Brooklyn Center is considering removing the name of one of its most well-known residents from buildings, streets, and even its annual festival amid a re-assessment of his alleged racist links.
At a city council work session last week, members discussed the potential removal of former Hennepin County Sheriff Earle Brown's name from city landmarks just a few weeks after the city's school board voted to rename the Earle Brown Elementary School as Brooklyn Center Elementary School.
The spark for the name change emerged from a 2013 book entitled The Ku Klux Klan in Minnesota by Elizabeth Dorsey Hatler, in which it's alleged that Brown was initiated into the KKK in 1923, though it's noted that another scholar disputes this claim having read Brown's diaries.
Brown died in 1963 and among other things is credited with founding the Minnesota State Highway Patrol.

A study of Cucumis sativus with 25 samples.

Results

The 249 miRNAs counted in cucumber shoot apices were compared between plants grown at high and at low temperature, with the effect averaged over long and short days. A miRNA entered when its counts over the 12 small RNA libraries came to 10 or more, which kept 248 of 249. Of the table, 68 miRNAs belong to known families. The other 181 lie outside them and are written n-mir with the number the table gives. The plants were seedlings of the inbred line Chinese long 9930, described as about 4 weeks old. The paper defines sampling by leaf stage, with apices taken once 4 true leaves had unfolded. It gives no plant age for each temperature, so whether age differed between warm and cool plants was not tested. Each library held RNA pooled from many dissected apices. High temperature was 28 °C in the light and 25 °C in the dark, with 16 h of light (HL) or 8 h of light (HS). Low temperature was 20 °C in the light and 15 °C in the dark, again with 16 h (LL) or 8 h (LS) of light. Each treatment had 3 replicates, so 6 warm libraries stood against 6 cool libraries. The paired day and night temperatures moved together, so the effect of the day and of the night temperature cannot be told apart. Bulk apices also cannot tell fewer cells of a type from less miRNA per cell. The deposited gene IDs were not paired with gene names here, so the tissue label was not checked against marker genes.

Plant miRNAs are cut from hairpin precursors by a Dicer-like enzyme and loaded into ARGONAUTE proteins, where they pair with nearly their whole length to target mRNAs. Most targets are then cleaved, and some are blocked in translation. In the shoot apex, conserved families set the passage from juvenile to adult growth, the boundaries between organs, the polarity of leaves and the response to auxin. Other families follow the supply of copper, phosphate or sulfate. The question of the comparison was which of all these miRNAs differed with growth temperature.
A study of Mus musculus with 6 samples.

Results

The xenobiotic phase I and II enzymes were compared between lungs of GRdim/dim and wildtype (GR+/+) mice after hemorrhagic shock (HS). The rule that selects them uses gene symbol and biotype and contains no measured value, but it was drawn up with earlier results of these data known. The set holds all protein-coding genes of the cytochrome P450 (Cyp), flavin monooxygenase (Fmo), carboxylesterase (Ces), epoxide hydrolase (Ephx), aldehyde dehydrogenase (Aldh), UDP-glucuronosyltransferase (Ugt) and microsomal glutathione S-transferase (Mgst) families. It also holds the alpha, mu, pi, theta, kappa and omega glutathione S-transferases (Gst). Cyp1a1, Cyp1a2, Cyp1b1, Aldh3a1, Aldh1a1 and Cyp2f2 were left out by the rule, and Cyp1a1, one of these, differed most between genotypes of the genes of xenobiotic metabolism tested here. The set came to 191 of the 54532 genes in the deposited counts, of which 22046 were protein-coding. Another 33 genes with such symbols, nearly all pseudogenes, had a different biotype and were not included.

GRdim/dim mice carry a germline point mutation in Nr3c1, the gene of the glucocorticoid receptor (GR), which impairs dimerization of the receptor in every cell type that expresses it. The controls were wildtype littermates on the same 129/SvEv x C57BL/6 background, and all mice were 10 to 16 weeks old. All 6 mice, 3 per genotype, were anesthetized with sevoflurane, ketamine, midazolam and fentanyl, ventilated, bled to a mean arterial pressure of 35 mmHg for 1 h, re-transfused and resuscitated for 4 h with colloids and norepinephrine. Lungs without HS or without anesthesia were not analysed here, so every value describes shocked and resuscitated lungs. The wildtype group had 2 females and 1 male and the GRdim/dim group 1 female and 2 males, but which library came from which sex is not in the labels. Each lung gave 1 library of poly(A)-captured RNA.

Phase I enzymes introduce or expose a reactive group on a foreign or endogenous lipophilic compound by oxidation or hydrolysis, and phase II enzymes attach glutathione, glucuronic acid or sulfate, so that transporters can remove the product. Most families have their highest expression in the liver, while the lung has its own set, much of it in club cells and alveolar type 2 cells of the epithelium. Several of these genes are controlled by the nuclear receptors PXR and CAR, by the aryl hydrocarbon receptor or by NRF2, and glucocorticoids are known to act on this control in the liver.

His name is prominent in Brooklyn Center, and is used for Earle Brown Drive, the Earle Brown Heritage Center, and the annual Earle Brown Days Festival.
It comes amid a wider movement nationally to address landmarks, buildings and statues that honor historic figures with links to racism and slavery in the wake of George Floyd's death.
This was most prominently seen in Minneapolis, where Lake Calhoun was restored to its original Dakota name of Bde Maka Ska, with several businesses, streets and buildings nearby following suit, because of John C. Calhoun's support for slavery.
CCX Media reports that most Brooklyn Center City Council members are open to removing Brown's name from city locations, with Mayor Mike Elliott planning to set up a meeting with Hatler to discuss her findings about Brown's supposed KKK links.